LoJack schmojack. You don't need some spendy radio transponder to keep tabs on that new Escalade. Uplinking your wheels to the great eye in the sky without breaking the bank is easier than you think.
Standalone GPS and radio triangulation units can cost hundreds. And that's not counting the installation and (frequently hefty) activation and monthly fees associated with whatever service you do choose. For most of us, it's overkill. The good news is that if you happen to have a GPS-equipped phone lying around, you can rig your own vehicle tracking system for virtually nothing. Here's how it's done:
What You'll Need
• A pre-paid phone with a data plan
• An InstaMapper account
• Access to, duh, the Web.
What It Costs
• About $30 for the phone and a little over $10 a month, depending on the cellular plan.
• 12V car adaptor (to keep your makeshift GPS unit juiced).
Here's How to Do It:
GET A PHONE
• If you already have an old handset (make sure it has GPS), skip directly to software installation bit.
• If you don't, head over to Boost Mobile and buy one. Don't worry, they're cheap. We recommend the Motorola i290—at $30, it's the cheapest burner you can get. (Other cheap iDEN phones are also available at Best Buy and Target.)
SET IT UP
• Regardless of which phone you select, make sure you turn on its Internet access (this is not a smartphone, and you have to manually activate that in the settings). Otherwise your phone won't be able to transmit data.
• Tweak the settings. Presumably, you're only going to use this for vehicle tracking, so you'll want to set the ringer volume to 0 and mute the keypad. No point in alerting thieves to the fact they're being tracked, right?
• Next step is choosing a tracking/mapping service. There's no shortage, but we likeInstaMapper because it's free, you can install it over the air (download this tool, and then grab this .zip file), and it's easy to use. AccuTracking is another alternative, but it'll cost you about $6/month.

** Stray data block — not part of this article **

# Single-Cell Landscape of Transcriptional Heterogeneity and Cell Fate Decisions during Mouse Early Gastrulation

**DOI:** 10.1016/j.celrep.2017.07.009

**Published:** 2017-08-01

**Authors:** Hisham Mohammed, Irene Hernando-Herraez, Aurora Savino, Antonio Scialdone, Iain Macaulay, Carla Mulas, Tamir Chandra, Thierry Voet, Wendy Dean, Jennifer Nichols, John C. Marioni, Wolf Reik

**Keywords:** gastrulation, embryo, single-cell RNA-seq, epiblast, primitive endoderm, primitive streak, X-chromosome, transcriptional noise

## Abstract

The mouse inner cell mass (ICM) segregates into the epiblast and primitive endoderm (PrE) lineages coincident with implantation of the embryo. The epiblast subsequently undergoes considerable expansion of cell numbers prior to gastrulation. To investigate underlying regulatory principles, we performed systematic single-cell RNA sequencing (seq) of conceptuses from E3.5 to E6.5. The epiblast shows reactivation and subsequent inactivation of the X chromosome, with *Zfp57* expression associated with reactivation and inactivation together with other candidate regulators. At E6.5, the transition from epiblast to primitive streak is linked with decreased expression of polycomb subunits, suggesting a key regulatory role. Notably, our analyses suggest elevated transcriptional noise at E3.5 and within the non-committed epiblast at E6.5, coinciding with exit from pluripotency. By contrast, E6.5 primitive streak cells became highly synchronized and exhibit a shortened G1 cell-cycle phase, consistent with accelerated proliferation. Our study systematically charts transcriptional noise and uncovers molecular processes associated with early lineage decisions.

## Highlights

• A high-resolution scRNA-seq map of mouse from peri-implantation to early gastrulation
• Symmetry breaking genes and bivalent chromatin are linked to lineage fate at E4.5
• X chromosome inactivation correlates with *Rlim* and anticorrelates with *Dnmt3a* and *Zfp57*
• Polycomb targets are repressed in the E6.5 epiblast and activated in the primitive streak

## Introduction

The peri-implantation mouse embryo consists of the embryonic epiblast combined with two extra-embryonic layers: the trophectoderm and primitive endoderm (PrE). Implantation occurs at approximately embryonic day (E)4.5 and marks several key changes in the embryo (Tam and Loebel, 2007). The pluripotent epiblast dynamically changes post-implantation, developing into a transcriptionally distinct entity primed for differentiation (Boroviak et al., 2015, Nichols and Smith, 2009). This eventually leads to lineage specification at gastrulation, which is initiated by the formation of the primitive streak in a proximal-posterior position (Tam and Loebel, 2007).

• Launch that bad boy. On the i290, it'll be located under "Java Apps" and called "GPS Tracker." (Look for the satellite icon). Now enter the device id you got from your InstaMapper account and click "save". The phone will ask for your permission to access the GPS chip. (Select "yes.") When the status message changes from "Locating..." to "Tracking..." you're up and running. You should see the location of your phone on InstaMapper's website.
• The final step is the trickiest. For real 24/7 tracking, you'll need to hardwire the phone to your car's battery. This means getting intimate with the electrical system. If you're not comfortable doing that, ask someone who is...like a professional installer. If you are...proceed.
• You'll first want to pick up a Motorola car charger, like the Syn1630. Next, connect it to car's wiring with a 12V Accessory Outlet. The trick here is finding a 12V circuit in your car that's NOT always on—if you connect it to something that doesn't shut off when you power down your ride, you could drain the battery when the car is parked for a long time. We recommend the light in the glovebox—consult the wiring scheme for your car or ask your mechanic.
• Voila, the adapter will power on your phone automatically whenever you (or a thief) starts the car.
• Finally, you'll want to hide your little tracking device. Since you wired the thing into your glovebox, you might want to stash the phone in there. Now visit the InstaMapper site and track to your hearts delight.
See? It's not that hard. And now that you've saved as much as a grand by not springing for that Lo-Jack, go ahead and use the extra cash for something truly worthwhile, like, say, some nice 20-inch spinners.